Chapter 2 – Common Warning Signs of Identity Theft
Identity theft victims, unlike other crime victims, are usually the last to know that they have been a victim of a serious crime. Depending upon the sophistication of the thief, it can be months before someone discovers that their identity has been stolen.
One way to tell if you are the victim of identity theft is to obtain a copy of your credit report. There are three main credit reporting agencies in the United States: Experian, Trans Union, and Equifax. Under the fair credit reporting act, Americans are allowed to obtain one free credit report from each agency per year. This is the easiest way to discover if someone has been using your identity. However, most Americans do not give their credit report a second thought until they need the report to obtain a loan or credit.
Americans tend not to give a lot of things a second thought when it comes to credit, which is what makes our society so vulnerable to identity thieves. There are usually clues given to a person that an identity theft has occurred and many people ignore the clues.
One clue that someone is about to become the victim of identity theft is a missing a credit card statement. Most credit card companies send out statements around the same time each month. If the victim has an unsecured mailbox, as most Americans do, the identity thief can grab the credit card statement from the victim’s mailbox.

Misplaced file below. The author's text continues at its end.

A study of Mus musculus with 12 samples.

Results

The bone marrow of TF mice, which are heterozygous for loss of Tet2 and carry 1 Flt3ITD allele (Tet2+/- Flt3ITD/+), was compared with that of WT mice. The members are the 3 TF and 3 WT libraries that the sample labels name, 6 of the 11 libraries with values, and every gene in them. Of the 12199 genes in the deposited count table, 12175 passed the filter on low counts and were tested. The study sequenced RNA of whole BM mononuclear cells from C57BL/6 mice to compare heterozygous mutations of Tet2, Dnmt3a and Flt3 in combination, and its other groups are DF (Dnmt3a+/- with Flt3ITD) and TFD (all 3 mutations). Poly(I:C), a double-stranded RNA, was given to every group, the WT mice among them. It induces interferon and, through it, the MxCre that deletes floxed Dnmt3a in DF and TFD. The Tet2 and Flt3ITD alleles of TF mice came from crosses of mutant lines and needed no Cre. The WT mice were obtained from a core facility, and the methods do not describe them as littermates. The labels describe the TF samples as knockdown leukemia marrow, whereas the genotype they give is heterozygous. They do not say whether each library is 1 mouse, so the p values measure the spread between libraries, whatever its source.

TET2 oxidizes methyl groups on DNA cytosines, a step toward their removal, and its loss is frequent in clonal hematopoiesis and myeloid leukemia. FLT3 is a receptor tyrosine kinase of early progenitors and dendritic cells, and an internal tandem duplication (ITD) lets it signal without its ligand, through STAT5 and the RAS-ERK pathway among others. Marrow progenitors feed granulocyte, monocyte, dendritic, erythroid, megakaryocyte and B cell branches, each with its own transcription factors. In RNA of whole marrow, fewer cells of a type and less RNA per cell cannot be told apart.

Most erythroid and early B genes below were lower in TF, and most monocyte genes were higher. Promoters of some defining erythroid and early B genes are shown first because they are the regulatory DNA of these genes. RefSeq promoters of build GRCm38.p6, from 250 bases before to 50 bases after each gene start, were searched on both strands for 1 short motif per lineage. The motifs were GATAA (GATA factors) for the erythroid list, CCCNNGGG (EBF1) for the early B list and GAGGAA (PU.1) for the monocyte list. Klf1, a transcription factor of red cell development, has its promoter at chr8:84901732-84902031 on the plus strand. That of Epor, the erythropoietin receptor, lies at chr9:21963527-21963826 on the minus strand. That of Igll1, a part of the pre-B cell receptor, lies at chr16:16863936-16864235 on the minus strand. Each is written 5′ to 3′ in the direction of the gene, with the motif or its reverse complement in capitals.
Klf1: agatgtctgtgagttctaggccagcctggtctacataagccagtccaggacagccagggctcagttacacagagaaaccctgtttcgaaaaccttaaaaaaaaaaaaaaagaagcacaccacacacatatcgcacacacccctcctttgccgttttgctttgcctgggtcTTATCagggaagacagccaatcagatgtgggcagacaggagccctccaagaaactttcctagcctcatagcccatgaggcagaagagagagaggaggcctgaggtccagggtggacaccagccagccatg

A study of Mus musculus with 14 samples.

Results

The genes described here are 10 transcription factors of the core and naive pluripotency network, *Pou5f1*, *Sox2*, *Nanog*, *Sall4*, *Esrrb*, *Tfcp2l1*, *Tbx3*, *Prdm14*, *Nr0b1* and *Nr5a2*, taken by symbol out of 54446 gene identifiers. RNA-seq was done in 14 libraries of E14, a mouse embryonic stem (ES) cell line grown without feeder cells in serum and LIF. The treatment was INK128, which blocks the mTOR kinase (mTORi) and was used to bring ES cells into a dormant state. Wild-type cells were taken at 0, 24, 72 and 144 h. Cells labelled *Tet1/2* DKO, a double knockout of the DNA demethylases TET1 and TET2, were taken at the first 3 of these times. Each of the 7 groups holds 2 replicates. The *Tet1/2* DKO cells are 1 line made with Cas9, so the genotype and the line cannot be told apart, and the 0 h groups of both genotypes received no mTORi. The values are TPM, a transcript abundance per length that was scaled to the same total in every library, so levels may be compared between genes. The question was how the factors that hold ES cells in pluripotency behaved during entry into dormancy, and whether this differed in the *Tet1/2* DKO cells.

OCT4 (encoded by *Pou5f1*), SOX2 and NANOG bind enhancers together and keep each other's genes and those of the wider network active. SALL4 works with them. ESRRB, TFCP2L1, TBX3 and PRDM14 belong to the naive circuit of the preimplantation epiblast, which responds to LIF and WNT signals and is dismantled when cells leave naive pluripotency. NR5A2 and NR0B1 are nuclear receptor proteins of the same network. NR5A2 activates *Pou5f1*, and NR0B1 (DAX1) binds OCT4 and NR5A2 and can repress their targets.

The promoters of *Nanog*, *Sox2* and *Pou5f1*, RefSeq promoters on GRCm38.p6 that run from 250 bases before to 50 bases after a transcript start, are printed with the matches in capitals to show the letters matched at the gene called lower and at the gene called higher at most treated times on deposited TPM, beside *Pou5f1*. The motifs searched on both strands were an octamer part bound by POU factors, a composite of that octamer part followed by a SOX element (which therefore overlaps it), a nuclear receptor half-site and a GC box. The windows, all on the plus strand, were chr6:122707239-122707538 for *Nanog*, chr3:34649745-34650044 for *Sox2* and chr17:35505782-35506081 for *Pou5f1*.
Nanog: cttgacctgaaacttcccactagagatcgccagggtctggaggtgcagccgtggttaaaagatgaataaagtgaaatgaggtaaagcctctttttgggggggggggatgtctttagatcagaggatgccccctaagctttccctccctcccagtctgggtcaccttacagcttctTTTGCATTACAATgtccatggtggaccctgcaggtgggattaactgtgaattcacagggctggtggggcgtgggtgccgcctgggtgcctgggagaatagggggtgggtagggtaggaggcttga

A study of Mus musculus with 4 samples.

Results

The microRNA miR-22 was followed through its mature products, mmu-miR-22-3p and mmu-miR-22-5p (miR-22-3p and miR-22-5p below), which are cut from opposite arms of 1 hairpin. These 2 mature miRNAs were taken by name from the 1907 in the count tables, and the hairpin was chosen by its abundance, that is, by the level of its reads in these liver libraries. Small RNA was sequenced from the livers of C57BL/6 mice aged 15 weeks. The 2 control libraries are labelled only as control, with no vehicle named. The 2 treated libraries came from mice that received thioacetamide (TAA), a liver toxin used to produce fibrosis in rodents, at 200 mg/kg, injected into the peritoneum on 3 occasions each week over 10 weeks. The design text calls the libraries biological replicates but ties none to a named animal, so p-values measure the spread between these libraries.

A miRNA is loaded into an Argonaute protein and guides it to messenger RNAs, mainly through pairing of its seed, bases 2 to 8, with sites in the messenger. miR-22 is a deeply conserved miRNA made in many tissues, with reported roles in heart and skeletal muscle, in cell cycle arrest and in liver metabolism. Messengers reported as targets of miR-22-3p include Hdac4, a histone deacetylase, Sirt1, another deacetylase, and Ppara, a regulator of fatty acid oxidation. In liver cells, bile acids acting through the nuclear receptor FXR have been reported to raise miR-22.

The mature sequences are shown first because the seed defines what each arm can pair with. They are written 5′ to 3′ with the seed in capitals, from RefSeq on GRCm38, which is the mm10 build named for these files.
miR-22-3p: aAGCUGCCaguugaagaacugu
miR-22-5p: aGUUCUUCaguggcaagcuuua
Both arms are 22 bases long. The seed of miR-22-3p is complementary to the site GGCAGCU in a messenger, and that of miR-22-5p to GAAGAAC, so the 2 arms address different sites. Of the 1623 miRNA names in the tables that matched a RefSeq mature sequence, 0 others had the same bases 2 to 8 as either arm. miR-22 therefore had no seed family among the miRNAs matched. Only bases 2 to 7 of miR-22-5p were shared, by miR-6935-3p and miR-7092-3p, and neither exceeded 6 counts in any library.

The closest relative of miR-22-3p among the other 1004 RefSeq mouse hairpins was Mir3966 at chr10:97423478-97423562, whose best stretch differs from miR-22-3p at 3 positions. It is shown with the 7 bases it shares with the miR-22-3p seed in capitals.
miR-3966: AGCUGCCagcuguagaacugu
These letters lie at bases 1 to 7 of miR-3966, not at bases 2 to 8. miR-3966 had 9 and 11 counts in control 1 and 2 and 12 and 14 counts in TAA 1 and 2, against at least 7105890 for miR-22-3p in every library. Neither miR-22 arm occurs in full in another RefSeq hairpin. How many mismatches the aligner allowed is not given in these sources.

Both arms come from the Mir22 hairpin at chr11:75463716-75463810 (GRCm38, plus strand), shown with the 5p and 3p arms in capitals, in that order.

This will probably go unnoticed by the victim who will believe that the statement has been “lost in the mail.” People often want to believe that the United States Post Office routinely loses mail or gives it to another person. While this does happen in some instances, the post office does not “lose” as much mail as people would think. They are a pretty efficient organization.
Depending how careful the victim is about his finances, he may or may not realize that he is missing a statement. In this case he will call the credit card company and tell them the statement is lost. If he calls before the payment is due, they will most likely believe him and should alert the credit card company that something is wrong. Most likely, in this instance, a hold will be placed upon the account.
If the victim is not meticulous about paying his bills on time, or has so many bills that he can’t keep track of them all, he may not realize that he didn’t pay the bill until he gets the next statement in the mail and sees a “late fee.” At this point, he will most likely call the credit card company and complain about the fee, telling them that he never received the statement and it must have been “lost in the mail.” Unfortunately, the credit card companies are used to hearing this sort of excuse as to why someone didn’t pay a bill on time and will most likely dismiss the victim as being a liar. Depending upon his past history, they may or may not reverse the fees. The victim is either happy or glad when he hangs up the telephone.